In 2011 Alec McNayr and Alan Beard were dirt poor. Today, they run the most successful social media campaign company in the entertainment industry and they love what they do. McBeard Media has run the social media campaigns for films like American Hustle, Monsters University, Wall Street, Life of Pi, the Great Gatsby, and Avatar. You see a billboard, a poster, a Facebook page–McBeard Media is behind it. They’ve had the opportunity to pitch their ideas to a room full of the very best creative minds at Disney Pixar, and the way things are going, they will probably be running the social media campaigns for five out of the top ten films this year.
But things didn’t work out for Alan and Alec on their own. So how’d they get here?
In the talk Alan admitted that he and Alec were not “big believers in the idea that undergraduate students come out of college knowing anything,” so I asked him in a round about way: “Are you saying I shouldn’t go to college? What’s college good for then?”
Alan reaffirmed his previous statement, but noted that college is great for learning how to communicate with people, how to lead, and how to speak in public. He also said that the contacts he made were crucial to the place he’s at in his life right now, and that without having attended Pepperdine, he and Alec would not be business partners. Simplified: In college you learn good communication and you network; your major doesn’t matter (unless you aim to be something like a doctor of course!); you will learn from actual experience working a job.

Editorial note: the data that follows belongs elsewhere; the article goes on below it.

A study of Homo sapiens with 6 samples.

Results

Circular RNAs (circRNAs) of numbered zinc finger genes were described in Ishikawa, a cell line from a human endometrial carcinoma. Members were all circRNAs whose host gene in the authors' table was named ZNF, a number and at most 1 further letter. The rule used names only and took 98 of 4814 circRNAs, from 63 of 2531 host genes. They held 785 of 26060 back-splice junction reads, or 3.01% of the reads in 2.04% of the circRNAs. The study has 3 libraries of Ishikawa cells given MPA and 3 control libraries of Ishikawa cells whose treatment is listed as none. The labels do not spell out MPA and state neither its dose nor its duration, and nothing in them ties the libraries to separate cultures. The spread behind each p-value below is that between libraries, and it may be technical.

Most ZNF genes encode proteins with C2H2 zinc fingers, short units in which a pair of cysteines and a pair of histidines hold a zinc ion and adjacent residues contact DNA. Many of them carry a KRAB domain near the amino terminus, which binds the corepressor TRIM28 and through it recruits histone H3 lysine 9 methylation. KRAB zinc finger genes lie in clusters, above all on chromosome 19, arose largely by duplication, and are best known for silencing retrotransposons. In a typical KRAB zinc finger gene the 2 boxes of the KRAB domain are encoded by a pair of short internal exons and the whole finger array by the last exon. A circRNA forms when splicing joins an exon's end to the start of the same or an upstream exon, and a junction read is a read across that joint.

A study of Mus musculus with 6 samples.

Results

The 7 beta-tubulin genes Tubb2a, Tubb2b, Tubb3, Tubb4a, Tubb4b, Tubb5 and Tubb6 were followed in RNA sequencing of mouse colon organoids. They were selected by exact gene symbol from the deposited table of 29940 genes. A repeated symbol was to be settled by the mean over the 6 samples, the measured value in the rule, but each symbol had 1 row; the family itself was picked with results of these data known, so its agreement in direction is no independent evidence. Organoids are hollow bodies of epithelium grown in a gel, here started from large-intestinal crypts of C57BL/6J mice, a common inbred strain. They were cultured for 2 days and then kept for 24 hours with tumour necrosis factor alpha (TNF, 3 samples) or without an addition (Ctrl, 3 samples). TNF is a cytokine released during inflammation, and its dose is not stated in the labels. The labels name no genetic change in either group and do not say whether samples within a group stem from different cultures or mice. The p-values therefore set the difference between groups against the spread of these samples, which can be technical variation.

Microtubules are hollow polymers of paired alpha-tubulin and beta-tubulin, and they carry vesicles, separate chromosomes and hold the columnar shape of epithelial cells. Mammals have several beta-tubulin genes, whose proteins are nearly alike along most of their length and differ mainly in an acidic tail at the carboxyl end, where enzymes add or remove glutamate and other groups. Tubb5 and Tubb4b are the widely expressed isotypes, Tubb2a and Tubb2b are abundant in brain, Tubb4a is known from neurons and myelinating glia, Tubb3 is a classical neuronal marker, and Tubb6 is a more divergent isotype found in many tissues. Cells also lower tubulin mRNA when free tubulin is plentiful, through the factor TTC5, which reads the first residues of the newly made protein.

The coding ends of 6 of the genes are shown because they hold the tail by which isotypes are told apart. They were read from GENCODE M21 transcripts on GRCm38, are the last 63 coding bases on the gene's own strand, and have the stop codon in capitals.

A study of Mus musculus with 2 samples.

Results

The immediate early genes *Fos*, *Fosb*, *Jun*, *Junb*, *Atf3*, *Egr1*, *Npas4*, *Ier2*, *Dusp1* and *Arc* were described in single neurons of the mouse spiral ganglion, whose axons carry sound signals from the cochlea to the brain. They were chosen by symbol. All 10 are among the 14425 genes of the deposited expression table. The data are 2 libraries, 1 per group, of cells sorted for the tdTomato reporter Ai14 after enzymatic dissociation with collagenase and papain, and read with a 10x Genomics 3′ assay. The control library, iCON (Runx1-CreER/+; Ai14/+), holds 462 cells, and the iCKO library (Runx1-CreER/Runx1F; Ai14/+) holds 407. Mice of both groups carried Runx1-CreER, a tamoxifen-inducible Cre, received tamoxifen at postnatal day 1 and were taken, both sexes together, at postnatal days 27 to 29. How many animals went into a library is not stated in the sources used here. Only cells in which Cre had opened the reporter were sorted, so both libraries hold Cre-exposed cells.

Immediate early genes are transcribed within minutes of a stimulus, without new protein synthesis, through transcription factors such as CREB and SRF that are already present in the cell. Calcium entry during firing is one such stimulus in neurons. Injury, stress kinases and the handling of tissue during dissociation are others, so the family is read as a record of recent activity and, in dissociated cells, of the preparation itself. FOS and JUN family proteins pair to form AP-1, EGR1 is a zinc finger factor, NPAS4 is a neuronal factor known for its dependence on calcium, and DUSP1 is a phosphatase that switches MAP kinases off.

I filled more than three pages of cramped handwriting with the wisdom and advice that was pouring out of Alec and Alan’s mouths, but for now I’m just going to share one thing that Alan said that stood out to me that night: “Crush the little opportunities.” This advice is rooted in the scripture in Luke 16:10 that says “Whoever can be trusted with very little can also be trusted with much…” I’ve also heard it this way: “Be faithful in the little things and you will be made ruler over much.”
When Alan and Alec were given their first film–Vampires Suck–they were told to get 100,000 people to like the Facebook page. Instead of meeting this expectation, Alan and Alec exceeded it by 700,000 more likes. Seven. Hundred. Thousand.
To put it nicely, Vampires Suck is not the kind of movie that is nominated for academy awards. But Alan and Alec chose to treat it like it was the biggest movie of the year. That’s why today, Alan and Alec actually campaign for the biggest movies of the year–they crushed their little opportunities.
In my life, “crushing the little opportunities” looks like aiming to be the best Jamba Juice employee at my school. It means treating everyone I meet with respect and honor. It means going to events where I might learn something from someone cooler than me–as often as I possibly can. It means being consistent with a blog that may only be read by my mom. I do this because I know that in the long run, if I crush these small opportunities, God will give me bigger opportunities to crush.
What little opportunities can you can begin to crush this week?